Analyzing how Complex Characters Change and Develop in “The Birthmark”
Lesson 11 of 12
Objective: SWBAT analyze how complex characters change throughout the story and develop the theme by reading an adapted text of “The Birthmark" and answering teacher made analysis extension questions.
To access prior knowledge as well as review, my activator is a vocabulary quiz from the words we reviewed the day before and will be found in the short story "The Birthmark." Students are given the quiz which included a word bank because word banks help struggling readers retrieve information and provide a context in which they can feel more successful in completing the vocabulary task.
The Common Core standards require students to not only analyze complex characters but determine how they advance the plot or develop the theme. I use a character graphic organizer to support this understanding.
I give out a blank Character Map and review the different ways a reader can analyze a character. Students are told that they will fill in the different sections of the map as the characters unfold during the story.
I then review the literary terms which define a character L.9-10.4 . I project the terms on a screen using a docucamera. Students write the definitions on their character maps and are told to refer to the definitions when learning about each character.
To check for understanding I use the "Cold Call" technique, Why Cold Call? by calling on random students to explain in their own words what each term means: flat, round. dynamic, static characters, and protagonist.
Student Learning Activity
I tell my students that we will begin to read adapted version of “The Birthmark” by Nathaniel Hawthorn. I give my students an adapted version of "The Birthmark" because many of my students are struggling readers and would have difficulty reading the original version of the text independently. My goal is to increase their reading stamina but I first feel I have to increase their self-concept as a student who can read independently therefore increasing their successful experiences reading text.
Using a gradual release teaching method, I read the first two paragraphs aloud and then discuss evidence for characterization, setting, and theme. Before I ask them to silently read the next two paragraphs I tell them that I will be asking the question, "How Alymer's love for his wife can become even stronger?" I gradually have them read additional paragraphs prompting their reading with a question that will be asked of them.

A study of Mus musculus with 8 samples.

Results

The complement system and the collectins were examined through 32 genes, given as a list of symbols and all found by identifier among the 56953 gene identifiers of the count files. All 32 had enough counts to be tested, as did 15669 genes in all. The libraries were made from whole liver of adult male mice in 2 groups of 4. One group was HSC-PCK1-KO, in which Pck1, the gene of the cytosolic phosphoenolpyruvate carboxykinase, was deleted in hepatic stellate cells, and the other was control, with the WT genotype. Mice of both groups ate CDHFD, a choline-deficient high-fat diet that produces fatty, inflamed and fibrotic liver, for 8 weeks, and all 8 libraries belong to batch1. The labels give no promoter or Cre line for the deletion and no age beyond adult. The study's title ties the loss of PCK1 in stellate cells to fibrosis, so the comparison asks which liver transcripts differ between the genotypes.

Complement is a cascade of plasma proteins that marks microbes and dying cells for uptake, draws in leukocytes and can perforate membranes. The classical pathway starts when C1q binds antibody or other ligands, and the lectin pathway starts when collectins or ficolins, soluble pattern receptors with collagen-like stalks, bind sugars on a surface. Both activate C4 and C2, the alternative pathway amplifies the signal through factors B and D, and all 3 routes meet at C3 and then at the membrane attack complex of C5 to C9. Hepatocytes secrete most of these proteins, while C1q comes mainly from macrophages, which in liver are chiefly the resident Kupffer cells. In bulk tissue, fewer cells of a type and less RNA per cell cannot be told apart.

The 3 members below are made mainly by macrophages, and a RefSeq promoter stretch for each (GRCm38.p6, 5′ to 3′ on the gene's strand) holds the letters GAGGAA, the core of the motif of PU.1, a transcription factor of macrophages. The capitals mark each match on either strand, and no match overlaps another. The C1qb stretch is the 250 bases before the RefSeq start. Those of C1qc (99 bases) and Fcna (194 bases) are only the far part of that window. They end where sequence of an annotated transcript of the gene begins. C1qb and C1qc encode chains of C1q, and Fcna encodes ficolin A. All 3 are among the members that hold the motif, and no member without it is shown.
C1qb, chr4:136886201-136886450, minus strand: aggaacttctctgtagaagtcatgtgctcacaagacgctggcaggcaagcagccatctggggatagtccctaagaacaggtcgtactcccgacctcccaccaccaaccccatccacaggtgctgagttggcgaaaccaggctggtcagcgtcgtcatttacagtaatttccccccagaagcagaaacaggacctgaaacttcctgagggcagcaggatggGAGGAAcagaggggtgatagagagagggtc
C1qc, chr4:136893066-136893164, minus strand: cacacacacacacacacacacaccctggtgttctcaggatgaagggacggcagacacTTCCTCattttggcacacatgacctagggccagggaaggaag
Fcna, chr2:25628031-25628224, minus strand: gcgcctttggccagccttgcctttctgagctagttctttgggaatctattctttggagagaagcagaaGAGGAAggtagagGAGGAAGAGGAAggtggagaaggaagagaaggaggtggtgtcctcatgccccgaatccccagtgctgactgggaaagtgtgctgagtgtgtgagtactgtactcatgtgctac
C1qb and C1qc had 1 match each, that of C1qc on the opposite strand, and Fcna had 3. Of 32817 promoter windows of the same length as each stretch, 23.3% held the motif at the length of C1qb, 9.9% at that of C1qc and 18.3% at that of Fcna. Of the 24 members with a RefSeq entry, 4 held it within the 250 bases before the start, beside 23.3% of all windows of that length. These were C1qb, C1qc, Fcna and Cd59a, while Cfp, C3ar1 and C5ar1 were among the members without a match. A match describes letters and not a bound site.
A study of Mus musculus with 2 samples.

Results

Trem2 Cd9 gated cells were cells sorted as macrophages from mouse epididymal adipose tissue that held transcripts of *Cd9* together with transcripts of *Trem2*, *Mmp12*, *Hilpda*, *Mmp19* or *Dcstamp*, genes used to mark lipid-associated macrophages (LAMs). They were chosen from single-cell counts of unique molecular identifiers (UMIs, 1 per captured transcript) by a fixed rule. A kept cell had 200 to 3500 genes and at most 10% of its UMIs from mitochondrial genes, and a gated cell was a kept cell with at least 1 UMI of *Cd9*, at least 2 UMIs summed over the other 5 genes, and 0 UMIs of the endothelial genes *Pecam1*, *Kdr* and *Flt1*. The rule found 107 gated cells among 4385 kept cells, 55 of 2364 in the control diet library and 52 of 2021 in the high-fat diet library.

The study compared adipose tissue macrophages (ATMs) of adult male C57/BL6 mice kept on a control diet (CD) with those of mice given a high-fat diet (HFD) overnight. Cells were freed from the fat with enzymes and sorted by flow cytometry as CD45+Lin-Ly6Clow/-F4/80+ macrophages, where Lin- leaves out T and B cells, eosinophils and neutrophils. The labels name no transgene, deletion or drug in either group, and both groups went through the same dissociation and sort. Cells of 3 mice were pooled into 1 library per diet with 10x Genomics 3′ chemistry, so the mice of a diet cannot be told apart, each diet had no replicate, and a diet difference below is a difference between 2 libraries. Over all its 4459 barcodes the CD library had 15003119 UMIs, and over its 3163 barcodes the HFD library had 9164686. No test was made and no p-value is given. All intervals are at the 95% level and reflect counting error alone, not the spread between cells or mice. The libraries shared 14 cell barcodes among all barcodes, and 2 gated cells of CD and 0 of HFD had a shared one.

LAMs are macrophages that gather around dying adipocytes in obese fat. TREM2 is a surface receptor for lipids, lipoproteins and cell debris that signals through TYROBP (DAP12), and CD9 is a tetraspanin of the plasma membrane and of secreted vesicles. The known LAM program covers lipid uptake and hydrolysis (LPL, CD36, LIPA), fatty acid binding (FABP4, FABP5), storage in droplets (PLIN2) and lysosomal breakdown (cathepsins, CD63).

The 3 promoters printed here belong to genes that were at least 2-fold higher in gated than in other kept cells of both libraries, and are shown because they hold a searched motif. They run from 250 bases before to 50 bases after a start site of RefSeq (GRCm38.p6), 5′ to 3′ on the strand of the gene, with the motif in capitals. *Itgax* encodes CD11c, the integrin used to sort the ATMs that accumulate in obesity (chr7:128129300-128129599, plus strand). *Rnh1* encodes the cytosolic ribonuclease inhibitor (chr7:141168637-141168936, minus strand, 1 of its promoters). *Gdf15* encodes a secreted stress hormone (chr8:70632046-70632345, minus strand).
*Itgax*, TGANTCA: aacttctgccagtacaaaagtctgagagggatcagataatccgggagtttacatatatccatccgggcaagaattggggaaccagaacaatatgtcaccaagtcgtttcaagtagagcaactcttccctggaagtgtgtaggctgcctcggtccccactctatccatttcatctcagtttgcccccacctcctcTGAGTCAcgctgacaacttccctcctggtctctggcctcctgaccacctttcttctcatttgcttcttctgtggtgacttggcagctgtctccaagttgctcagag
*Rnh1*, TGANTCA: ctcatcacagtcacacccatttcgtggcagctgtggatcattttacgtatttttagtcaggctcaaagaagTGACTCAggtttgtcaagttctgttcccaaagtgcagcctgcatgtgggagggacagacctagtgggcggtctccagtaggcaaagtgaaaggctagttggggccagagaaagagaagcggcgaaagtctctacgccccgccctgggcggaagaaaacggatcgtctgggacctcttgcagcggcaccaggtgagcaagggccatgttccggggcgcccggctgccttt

During the reading students need to do a few tasks that will increase their comprehension and analysis of the characters. The main task is to fill out a Character Map (1, 2) which will assist them in analyzing the complex characters changes and motives in this short story RL.9-10.3. A second task is to annotate the text as they read by writing comments in the margins and circling vocabulary words and characters names. The last task is to fill in basic Story Web organizer as they read or after they complete reading the short story. A story web can improve students' comprehension and many of my sturdents benifit from using a framework for identifying the elements of a story. This web helps students who are of varying abilities, to organize information and ideas efficiently. This scaffold organizer addresses standard RL.9-10.10 which requires studetns to read and comprehend literature, including stories, in the grades 9-10 text complexity band proficiently, with scaffolding as needed at the high end of the range.
As they are reading and completing these guided reading tasks, I circulate among them keeping them on track and answering any questions they may have.
For the Wrap Up activity I ask students to fill out a One Word Summary which consists of the Topic Word: Protagonist. They then write Write 1-2 sentences explaining their word choice or the word chosen to help them remember the topic word, protagonist. I chose this wrap up because I want them to reflect on who the protagonist is and how the main character's development created the conflict with the antagonist.
Who is the protagonist? We will discuss this during the next lesson. Some may choose Aylmer because he's the one around whom the story revolves. His desires drive the story. Some students may sympathize with Aylmer's intentions, which he truly believes to be good.
If they choose Aylmer as the antagonist, they would then name Georgiana as the protagonist. She is wronged by the antagonist (Alymer), she is basically innocent, and she suffers because of his obsession of perfection. If they read this story as a tragedy then they will most likely pick her as the protagonist.